Andrea Hailey

Andrea Hailey stares off into the distance recalling how it felt to watch her parents engage with voting rights. From driving voters to the polls to staffing the booths—from a young age she was keenly aware that the political rights given to her could be taken away.

“I was born to do this work,” she said. “There was never a beginning to this work for me. Voter mobilization is just a part of what it means to be in a community.”

Fast forward. Hailey is still doing the work as CEO of, the nation’s largest nonpartisan digital voter engagement organization. Under her leadership, boasts record-breaking growth during the 2020 U.S. Presidential and the Georgia runoff elections—helping more than four million people register to vote, three million to request mail-in ballots, and led a 50-state get-out-the-vote operation which made over half a billion voter contacts.

“What surprises me most about voter mobilization now versus when I started is the drastic change in technology,” Hailey explains. ”When I first started out, we were knocking on doors and registering by hand. But now we’re registering millions of people at a time because we have the digital capability to do so. I didn’t even dream that this could be a possibility.”

Committed to touching as many voters as possible, strives to move a step beyond registration to be a space that has the latest information across the country to keep people informed on all of the issues that they might care about.

“Our conversion rate from registration to the ballot box is 81 percent, which is a staggering number, but I think it’s due to our constant communication with voters.”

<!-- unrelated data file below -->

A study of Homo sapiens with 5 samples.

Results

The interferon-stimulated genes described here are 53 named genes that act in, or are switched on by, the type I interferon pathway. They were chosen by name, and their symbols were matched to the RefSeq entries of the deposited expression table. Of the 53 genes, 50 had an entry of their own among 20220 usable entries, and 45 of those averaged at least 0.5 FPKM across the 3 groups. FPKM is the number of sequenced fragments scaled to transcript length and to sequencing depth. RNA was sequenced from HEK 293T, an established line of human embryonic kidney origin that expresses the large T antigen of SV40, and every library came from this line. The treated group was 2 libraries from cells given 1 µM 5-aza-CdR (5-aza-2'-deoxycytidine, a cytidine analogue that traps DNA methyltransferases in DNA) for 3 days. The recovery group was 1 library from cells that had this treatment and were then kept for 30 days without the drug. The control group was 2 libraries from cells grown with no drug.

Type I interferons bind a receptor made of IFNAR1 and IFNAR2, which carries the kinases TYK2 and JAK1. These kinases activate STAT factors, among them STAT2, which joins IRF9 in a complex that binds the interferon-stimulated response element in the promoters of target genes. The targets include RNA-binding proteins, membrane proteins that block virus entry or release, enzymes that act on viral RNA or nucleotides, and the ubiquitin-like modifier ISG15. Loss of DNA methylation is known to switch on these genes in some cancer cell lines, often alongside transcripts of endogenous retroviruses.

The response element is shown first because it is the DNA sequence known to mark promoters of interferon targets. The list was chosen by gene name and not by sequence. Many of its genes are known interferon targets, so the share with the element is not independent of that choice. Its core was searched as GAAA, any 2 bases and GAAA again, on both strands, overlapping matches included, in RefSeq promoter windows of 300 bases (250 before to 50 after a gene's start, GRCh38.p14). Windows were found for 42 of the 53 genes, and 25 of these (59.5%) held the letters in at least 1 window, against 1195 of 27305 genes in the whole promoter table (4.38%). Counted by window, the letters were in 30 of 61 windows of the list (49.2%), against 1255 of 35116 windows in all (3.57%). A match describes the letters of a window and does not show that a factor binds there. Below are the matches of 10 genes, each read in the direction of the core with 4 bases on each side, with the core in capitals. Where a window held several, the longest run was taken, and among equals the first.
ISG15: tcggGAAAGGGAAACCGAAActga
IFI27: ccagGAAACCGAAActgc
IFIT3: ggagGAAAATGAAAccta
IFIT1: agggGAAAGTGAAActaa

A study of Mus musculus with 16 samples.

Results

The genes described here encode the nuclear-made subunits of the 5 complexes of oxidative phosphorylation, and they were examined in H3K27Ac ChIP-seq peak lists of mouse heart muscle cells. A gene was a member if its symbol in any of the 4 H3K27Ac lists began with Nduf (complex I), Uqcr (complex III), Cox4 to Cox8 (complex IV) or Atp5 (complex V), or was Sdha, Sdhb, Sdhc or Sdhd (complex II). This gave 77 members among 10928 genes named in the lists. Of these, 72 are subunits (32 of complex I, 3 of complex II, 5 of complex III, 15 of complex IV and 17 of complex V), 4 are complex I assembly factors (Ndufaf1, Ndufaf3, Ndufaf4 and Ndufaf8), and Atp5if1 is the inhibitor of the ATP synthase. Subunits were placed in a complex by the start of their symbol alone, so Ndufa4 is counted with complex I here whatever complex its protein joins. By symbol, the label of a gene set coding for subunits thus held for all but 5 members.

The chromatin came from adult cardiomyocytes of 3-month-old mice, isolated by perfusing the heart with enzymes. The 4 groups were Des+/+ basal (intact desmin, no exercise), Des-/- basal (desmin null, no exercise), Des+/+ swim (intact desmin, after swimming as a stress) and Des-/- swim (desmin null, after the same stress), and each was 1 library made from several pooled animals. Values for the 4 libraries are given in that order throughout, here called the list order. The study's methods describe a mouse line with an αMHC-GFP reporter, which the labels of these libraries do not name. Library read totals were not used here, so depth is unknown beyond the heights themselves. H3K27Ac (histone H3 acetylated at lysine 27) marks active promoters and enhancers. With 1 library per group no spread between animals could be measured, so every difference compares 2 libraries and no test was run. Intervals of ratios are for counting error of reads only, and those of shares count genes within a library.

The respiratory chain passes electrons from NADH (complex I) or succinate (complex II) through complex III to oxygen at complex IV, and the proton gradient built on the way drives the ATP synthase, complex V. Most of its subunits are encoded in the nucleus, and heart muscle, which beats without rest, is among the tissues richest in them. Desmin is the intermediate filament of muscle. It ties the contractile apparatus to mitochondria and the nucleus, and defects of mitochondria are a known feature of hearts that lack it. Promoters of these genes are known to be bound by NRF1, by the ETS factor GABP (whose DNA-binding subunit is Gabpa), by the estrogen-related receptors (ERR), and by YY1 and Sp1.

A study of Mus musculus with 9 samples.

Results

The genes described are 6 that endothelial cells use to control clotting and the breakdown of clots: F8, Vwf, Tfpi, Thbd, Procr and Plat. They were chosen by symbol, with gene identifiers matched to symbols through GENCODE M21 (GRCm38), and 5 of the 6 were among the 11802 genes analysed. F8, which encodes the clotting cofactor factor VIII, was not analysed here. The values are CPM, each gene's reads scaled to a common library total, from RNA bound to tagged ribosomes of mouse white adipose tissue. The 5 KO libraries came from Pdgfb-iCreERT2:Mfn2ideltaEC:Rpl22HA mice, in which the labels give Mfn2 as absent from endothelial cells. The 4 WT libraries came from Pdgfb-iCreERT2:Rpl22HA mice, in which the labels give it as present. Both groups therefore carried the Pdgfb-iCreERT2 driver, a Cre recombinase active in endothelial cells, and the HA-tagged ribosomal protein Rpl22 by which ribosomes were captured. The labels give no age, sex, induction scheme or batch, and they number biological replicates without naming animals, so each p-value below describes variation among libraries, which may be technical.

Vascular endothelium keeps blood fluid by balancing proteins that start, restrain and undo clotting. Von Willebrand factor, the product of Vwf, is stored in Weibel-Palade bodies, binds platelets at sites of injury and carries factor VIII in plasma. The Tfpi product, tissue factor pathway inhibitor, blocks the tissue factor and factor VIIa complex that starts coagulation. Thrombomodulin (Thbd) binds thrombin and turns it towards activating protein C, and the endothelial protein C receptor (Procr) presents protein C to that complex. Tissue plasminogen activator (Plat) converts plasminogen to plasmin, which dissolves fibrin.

Long before, Hailey dreamed of picking up the baton from some of her heroes, like the late Rep. John Lewis and Sen. Ted Kennedy, and paying it forward for her generation. But first, she had to figure out how to get her foot in the door.

“As a child, I really admired the Kennedy family and decided to look up the contact information for then Representative Pat Kennedy. I called his office every single day, until he agreed to let me work for him.”

Not afraid of hearing no, or showing up until the door of opportunity opened, Hailey went on to launch the Civic Engagement Fund. The organization promotes and partners with like-minded individuals to build creative solutions for today’s civic engagement issues. This ranges from state legislatures limiting access to waning enthusiasm from young voters.

“To young voters I often say, there are a bunch of people out there that don’t want you to vote, and that is for a reason. If there’s a population of people that do not participate, then politicians feel no need to address your concerns because they know that there are no repercussions.”

A few years ago Hailey joined Representative John Lewis’ Faith and Politics Tour in Selma, Alabama. The event, featuring local and national voices, made a commemorative trek across the Edmund Pettus Bridge. Hailey, pen and paper in hand, sifted through the crowd determined to ask Lewis what she believed to be the question of the century—what is the tool or tactic that he used generations ago that we are forgetting now? What is the thing that could fix it all?

Lewis, never missing a beat, looked at her and said, “You have to keep your joy.”

“That answer stunned me,” Hailey confessed. “But after the last few election cycles, I know what he meant now…yes, build community; yes, vote; yes, fight for what you believe. But, joy is the thing that propels us all forward.”

Now, with two decades of voter engagement experience under her belt, Hailey reflects on notions  of the little girl who  still lives within her, wide-eyed and excited for the future.

“I think she would be so proud and excited to see me now . . . and I think she would say that I’m exactly where I’m supposed to be.”